If you asked me, I’d never say I was someone who aims to be bright – to fill life with colour, or to dabble in especially zany fabrics. But look in my wardrobe, and immediately you’ll see the clash of pinks, yellows, greens, blues and oranges, with plenty of stripes, patterns and prints thrown in among them. An ample dose of subtler background shades too, but they tend to be less noticeable. My necklaces are all jeweled tones and magpie-glitter, while my gloves range from raspberry to mint to lemon (and plenty that can’t be described with references to food either).
For I actually do love colour, especially when it’s mixed together: the satisfaction of a yellow vintage shirt under a blue boiled wool tunic; a baby pink gingham fitted dress with a bright green sixties coat on top; the delicious combination of mauve velvet and teal silk; red mohair facing off a grey leather full fifties style skirt; orange pleats matched with khaki layers. Whether there’s a number of juxtapositions, or one shade standing proud against a muted palette, I feel comfortable when my get-up is a little eye-catching.
Plenty of my favourite film sequences and photographers tend to focus on colour too. Consider Kay Thompson with her instructions to ‘think pink’ in Funny Face, Moira Shearer looking glorious in a spray of petrol blue layers and flashes of lavender in The Red Shoes, Marilyn Monroe and Jane Russell dripping with red sequins in Gentlemen Prefer Blondes, or Audrey Hepburn’s array of dresses in orange, lime and light pink in Paris When it Sizzles – and that’s before we get to the technicolour brilliance/ headache of The Wizard of Oz. Also, think quickly of Erwin Blumenfeld, Horst, Irving Penn, Richard Avedon, Tim Walker, Nick Knight. All adept at monochrome, but dazzling in colour too.
But to rein it back in to the personal, it's easy to forget that it’s more unusual to love the vibrant and lively - and that for some a uniform of dark, restrained colours is much more desirable. I often think about this when I’m on the Tube (London Underground) - as I have been a lot this week - where the usual tone of coats, jumpers and trousers errs towards the darker end of the spectrum. Not always, by any means. But to be intensely colourful remains a way of making the choice to stand out slightly. As I try to stay upright, one hand gripping the rail and the other balancing a book, I’m aware that my red lipstick, turquoise cardigan, velvet shorts and purple tights (a combination that works, I promise) marks me apart. I appreciatively note others who’ve also chosen to be bright and bold, as well as the odd man or woman who looks intensely chic regardless of the need for something vaguely flamboyant.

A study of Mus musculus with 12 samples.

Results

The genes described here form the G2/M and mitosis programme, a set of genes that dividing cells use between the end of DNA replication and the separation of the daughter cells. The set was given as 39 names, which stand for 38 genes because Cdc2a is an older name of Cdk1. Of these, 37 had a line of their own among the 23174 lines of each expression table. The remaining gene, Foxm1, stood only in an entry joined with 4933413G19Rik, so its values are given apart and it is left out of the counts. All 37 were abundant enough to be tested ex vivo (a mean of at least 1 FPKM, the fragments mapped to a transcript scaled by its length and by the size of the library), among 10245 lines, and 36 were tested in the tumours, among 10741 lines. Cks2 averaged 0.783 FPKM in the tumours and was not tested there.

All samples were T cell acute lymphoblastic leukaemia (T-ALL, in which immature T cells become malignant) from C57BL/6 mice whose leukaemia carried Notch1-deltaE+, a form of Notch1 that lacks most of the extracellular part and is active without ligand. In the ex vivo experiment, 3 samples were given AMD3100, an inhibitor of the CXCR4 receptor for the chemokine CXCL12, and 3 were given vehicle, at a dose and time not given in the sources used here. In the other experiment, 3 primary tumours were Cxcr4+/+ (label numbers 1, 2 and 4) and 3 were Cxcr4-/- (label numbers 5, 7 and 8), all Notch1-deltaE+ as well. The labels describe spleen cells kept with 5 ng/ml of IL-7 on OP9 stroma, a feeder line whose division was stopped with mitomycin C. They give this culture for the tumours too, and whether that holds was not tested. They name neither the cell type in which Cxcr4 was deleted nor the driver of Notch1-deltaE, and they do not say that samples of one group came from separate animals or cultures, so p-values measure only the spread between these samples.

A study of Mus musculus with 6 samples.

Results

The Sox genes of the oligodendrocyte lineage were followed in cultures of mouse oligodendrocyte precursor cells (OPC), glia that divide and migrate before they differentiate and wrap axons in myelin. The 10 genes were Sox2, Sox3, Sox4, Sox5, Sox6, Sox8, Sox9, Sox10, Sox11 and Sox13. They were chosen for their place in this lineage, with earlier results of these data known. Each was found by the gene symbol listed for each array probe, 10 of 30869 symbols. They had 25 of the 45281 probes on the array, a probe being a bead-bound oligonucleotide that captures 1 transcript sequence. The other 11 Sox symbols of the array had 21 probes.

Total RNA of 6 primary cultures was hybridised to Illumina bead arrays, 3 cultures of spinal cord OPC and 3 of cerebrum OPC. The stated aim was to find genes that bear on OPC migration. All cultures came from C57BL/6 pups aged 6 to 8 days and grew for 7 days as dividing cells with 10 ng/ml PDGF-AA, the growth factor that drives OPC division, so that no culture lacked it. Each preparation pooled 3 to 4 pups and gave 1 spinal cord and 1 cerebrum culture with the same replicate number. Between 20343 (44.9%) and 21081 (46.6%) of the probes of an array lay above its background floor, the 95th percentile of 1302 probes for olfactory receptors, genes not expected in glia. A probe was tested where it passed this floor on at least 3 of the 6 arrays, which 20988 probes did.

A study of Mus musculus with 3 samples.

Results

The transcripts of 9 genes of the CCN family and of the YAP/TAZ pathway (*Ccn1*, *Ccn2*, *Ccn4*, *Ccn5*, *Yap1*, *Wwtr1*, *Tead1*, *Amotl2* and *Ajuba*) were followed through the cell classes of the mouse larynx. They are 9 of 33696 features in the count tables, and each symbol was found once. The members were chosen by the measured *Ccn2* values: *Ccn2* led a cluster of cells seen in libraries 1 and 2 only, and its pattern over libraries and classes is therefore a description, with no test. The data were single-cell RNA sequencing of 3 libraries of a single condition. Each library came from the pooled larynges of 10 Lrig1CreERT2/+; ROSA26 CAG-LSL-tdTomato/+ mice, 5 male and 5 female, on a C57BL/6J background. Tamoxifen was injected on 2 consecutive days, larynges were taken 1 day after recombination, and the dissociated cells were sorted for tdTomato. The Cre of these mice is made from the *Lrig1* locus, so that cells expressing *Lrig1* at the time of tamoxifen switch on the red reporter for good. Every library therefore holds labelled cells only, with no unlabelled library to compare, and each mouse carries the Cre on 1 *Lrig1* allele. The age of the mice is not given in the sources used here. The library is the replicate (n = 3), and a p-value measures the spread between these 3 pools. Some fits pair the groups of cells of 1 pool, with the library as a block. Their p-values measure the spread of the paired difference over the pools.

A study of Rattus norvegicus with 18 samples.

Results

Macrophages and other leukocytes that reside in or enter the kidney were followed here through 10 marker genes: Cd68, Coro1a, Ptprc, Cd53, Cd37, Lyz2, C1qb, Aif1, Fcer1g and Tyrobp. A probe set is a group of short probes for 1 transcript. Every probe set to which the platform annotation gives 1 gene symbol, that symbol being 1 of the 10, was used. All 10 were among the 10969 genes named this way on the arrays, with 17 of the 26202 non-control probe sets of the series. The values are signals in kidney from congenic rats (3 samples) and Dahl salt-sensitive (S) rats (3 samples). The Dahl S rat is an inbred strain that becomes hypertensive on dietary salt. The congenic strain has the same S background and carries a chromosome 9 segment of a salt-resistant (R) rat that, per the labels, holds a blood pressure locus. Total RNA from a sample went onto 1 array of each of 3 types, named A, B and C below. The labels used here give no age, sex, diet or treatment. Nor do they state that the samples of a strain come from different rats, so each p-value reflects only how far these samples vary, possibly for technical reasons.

My own choices change from outfit to outfit too. One maxim I frivolously work by is ‘the greyer the day, the more intensely colourful my clothes.’ If it’s drizzling, out come the florals or electric blue beanie hats. (Also, the chillier it is, the shorter the skirt - but we’ll save that for another time). At other points I’ll move towards muted tones, reveling in charcoal, black, brown and navy. Also, uni taught me to dress for comfort, then provided another valuable lesson too – the art of sometimes dressing down, colour-wise. Right now I have on a black leather mini-skirt, black brogues, and a blue and white jumper. Still ‘dressed up’ by some people’s standards, but a little more low-key for me.
I like being able to chop and change though, to move between peacock and pigeon – knowing that I feel equally comfortable in either guise.
Here we have a mix of the intensely bright and the slightly more muted, thanks to my late great-grandma's mohair cardigan, and a velvet embossed/patterned - it's like flock wallpaper - dress from a charity shop (with the requisite polo neck underneath). Also a second hand cobalt blue handbag and men's shoes. Thanks to Stella for snapping the pictures.